Twenty-first century sensibilities tell us not to get into religious conflicts with our neighbors, to tread softly and not to generate controversies. Apparently, no one ever told the apostles about that. Following them on their evangelistic road inevitably led into trouble. It started in the earliest days in Jerusalem when conditions became so volatile that believers were run out of town. The ringleader of the opposition was a man named Saul (Acts 8:3), and it wouldn’t take long for him to wind up on the opposite side of the fence.
The persecutor became the persecuted. Saul became Paul, and his subsequent service in the cause that he once tried to eradicate is well documented. We read his correspondence which makes up a large portion of the New Testament. His influence rippled throughout the region and around the world for centuries to come, but it was not without its hardships.
“I will show him how much he must suffer for my name’s sake (Acts 9:16).” It is part of the message from the Lord about Paul’s mission. Conversion had been hard. The strong hand of the Lord had knocked the vision right out of his eyes. He groped his way with a few helping hands into Damascus, regained his vision, washed away his sins and was hustled out of town under the cloak of darkness. His conversion was not welcome there. That would not be the last time.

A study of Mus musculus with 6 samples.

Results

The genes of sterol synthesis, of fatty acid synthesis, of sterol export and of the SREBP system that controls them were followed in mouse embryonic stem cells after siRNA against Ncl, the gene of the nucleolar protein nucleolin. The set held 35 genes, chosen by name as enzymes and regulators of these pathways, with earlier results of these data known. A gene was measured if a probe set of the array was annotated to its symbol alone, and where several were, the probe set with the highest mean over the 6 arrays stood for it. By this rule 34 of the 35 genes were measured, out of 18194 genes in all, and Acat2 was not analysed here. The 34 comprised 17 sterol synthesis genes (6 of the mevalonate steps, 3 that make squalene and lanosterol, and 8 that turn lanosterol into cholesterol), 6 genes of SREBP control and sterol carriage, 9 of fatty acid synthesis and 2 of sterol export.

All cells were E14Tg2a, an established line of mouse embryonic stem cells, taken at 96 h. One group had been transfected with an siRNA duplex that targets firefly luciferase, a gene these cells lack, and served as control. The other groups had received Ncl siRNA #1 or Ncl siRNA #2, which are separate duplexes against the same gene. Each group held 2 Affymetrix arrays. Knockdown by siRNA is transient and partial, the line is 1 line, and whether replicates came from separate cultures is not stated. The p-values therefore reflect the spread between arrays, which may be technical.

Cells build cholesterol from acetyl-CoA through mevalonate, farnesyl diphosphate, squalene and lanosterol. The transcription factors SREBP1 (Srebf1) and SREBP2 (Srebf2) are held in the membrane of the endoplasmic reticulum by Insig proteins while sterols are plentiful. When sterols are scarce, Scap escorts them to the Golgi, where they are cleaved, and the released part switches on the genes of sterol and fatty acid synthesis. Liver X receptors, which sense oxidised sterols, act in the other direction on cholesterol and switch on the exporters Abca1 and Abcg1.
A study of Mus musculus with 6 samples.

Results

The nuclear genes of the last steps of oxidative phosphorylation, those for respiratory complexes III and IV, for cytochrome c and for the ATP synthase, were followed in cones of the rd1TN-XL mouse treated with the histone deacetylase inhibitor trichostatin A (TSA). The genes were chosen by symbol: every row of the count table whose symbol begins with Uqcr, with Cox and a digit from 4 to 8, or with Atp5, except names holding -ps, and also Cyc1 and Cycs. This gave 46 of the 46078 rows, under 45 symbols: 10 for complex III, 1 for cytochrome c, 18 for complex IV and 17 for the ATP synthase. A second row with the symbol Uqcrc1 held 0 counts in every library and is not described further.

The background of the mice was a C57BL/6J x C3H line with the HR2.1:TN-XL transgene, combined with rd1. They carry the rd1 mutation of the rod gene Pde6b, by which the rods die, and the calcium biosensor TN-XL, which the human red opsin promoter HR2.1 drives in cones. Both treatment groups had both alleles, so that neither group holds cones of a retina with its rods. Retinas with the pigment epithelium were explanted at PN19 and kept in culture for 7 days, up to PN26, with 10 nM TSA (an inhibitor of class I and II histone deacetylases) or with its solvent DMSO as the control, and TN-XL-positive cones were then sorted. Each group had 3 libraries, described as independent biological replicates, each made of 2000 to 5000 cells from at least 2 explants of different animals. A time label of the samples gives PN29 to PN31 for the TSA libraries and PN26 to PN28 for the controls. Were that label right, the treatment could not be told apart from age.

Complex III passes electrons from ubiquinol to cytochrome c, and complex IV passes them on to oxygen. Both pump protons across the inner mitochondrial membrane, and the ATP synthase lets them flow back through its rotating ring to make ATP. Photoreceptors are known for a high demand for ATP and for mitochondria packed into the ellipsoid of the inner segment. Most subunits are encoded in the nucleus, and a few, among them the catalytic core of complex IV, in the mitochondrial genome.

His travels would eventually take him to Thessalonica where the response was strong and mixed (Acts 17). Many believed and joined Paul and Silas, but there was also a group of Jews who were not so agreeable. They gathered up their jealousy, supplemented it with a gang of hoodlums and threw the city into an uproar. Once again, the nighttime was the right time for his escape. So, whatever happened to that new congregation planted in the midst of such turbulence?
Biblical history is silent concerning details about any further visits by Paul, but we have two letters that were subsequently written to the church that lend great encouragement of their progress. Paul had left his stamp on them (1 Thessalonians 1). They learned by observation what kind of man he was. We reveal our faith by our actions. People are watching. Some are imitating. What kind of example are we setting?
The initial entry of the gospel into Thessalonica had been a bumpy ride. Nevertheless, the word found a place in their hearts and transformed them from follower to leader. They began to set the example. They became the proclaimers. Their faith made such an impression that further proclamation by the apostle was unnecessary. They had grown from idolaters to Christian role models, proof of the power of one man with the gospel. Now, it’s in our hands.